New theory emerges of RFK assassination

Robert Kennedy was assassinated about four decades ago, and as with the murder of his brother, President John F. Kennedy, conspiracy theories abound.

The "second-gunman theories" aren't new. Ever since Robert Kennedy's assassination nearly 40 years ago on June 5, 1968, conspiracy theorists have argued that at least one more shooter had to be involved.

But the two forensic experts behind the recent claims say they've used new technology to analyze recordings of the assassination. And it leads them to the conclusion that another person fired the fatal shot.

Robert Kennedy's assassination is one of those moments tragically etched in American history.

Arrested and convicted of the killing, Sirhan Sirhan was said by prosecutors to be the sole gunman. But two forensic investigators say they have new evidence showing that someone else fired the bullet that actually killed Robert Kennedy.

"It can be established conclusively that Sirhan did not shoot Senator Kennedy, and in fact not only did he not do it, he could not do it," said forensic scientist Robert Joling.

Dr. Robert Joling and Philip Van Praag have studied film of the scene at the Ambassador Hotel on that June 1968 day.

But the two say a relatively obscure audio recording leads them to the conclusion that 13 shots were fired. Sirhan's gun could only hold eight bullets.

Joling and Van Praag are not alone: Other forensic specialist agree. Like the ones in a June 2007 Discovery Channel special.

And like other conspiracy theorists, the two argue that the shot that killed Kennedy had to come from the rear. Sirhan was in front of Kennedy.

The two document their argument for a second shooter in their new book "An Open and Shut Case."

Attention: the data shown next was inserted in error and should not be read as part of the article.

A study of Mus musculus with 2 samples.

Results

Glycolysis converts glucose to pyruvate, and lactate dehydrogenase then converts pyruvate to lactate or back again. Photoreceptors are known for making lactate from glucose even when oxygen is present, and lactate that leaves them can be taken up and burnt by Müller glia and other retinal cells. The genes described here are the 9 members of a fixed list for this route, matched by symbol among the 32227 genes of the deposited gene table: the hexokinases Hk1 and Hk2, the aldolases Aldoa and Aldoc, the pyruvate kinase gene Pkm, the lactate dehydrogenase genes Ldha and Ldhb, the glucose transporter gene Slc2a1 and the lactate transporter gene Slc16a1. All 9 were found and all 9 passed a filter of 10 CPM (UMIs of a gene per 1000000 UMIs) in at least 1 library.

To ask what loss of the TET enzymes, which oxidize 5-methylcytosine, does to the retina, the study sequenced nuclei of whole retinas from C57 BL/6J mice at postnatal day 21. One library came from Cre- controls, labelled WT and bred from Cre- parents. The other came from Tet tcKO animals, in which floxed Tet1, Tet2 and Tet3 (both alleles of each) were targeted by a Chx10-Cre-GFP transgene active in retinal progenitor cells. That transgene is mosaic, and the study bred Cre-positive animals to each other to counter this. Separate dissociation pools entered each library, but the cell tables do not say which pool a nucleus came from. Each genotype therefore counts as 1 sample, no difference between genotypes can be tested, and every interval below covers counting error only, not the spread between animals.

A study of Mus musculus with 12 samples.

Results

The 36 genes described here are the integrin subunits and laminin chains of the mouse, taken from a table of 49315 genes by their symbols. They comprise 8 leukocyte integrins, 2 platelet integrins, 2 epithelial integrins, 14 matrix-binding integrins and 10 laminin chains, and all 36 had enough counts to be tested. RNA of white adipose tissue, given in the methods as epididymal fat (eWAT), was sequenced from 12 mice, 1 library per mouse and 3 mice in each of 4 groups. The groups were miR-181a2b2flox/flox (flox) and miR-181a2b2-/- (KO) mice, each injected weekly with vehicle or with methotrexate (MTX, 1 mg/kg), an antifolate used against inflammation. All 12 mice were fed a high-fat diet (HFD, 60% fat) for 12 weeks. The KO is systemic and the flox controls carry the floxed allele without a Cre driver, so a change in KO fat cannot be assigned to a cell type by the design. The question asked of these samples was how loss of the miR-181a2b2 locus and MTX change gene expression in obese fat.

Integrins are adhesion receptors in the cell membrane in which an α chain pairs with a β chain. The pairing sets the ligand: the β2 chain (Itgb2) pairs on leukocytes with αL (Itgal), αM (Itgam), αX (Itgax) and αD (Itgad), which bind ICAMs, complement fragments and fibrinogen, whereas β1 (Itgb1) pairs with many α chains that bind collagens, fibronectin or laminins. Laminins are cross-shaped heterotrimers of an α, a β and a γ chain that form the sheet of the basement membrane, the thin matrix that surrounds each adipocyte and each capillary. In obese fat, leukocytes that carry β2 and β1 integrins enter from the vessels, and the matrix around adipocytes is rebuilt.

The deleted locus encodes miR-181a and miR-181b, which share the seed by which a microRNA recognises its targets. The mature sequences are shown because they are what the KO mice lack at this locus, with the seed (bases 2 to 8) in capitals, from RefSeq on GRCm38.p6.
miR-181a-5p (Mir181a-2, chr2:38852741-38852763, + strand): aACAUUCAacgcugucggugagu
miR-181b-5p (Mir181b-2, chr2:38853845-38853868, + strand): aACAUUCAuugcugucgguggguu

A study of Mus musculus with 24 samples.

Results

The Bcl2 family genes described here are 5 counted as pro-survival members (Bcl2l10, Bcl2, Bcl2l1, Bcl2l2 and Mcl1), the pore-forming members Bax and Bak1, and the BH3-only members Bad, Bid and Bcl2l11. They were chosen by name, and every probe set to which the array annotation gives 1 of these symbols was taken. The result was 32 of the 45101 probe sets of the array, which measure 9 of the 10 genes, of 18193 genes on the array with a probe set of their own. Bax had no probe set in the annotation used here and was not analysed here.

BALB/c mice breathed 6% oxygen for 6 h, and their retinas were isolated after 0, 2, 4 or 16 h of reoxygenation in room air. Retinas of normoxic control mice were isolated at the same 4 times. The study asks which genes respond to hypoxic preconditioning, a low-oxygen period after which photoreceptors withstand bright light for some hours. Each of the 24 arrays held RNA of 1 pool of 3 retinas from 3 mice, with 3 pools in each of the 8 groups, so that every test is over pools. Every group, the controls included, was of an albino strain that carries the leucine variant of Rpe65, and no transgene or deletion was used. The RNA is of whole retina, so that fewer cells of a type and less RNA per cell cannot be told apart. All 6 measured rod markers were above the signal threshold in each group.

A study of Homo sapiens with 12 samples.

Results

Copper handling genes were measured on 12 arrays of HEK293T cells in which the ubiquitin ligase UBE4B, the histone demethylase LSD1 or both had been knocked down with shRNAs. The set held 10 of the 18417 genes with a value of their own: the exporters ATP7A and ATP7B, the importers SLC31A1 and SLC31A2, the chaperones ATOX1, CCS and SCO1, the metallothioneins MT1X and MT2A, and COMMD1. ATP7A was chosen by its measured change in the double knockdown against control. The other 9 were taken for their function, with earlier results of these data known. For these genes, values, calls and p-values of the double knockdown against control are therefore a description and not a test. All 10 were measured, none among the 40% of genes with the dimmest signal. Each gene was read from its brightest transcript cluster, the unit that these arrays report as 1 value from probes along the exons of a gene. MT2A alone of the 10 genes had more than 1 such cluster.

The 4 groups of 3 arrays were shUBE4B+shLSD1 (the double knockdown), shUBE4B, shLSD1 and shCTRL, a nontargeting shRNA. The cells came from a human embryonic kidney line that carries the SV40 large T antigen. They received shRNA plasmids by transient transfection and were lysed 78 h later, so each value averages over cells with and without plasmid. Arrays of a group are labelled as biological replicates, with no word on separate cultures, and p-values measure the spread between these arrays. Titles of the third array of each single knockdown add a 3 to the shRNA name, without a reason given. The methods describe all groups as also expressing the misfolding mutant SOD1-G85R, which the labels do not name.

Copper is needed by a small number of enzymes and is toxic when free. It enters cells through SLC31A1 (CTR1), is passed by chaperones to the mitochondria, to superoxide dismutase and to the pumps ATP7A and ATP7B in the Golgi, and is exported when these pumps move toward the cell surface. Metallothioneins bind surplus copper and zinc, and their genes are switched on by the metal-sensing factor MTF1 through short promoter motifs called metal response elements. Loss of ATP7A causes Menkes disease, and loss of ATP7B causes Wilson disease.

"What we'd like to see is a new investigation, based on the new facts that we've come up with and to bring the authorities in," said forensic scientist Philip Van Praag.

But authorities aren't moving very quickly to dig out the RFK assassination file.

L.A. County District Attorney Steve Cooley is skeptical about the new claims. But he says his office will look into the second shooter theory.

"We'll read the book and if there's anything there that we with all our information think is legitimate, we'll pursue it," said Cooley. "But right now there's nothing to indicate that."

And the two scientists will have an even harder time convincing L.A. Police Chief William Bratton to re-open the investigation.

"That incident happened many, many years before I got here, and I have no intention of reopening that case," said Bratton.

Many forensic experts believe the "second gunman" theories are flat wrong.

They say the sounds some believe are gunshots are actually balloons popping, or the noise made by microphones banging into things during the chaos surrounding the shooting.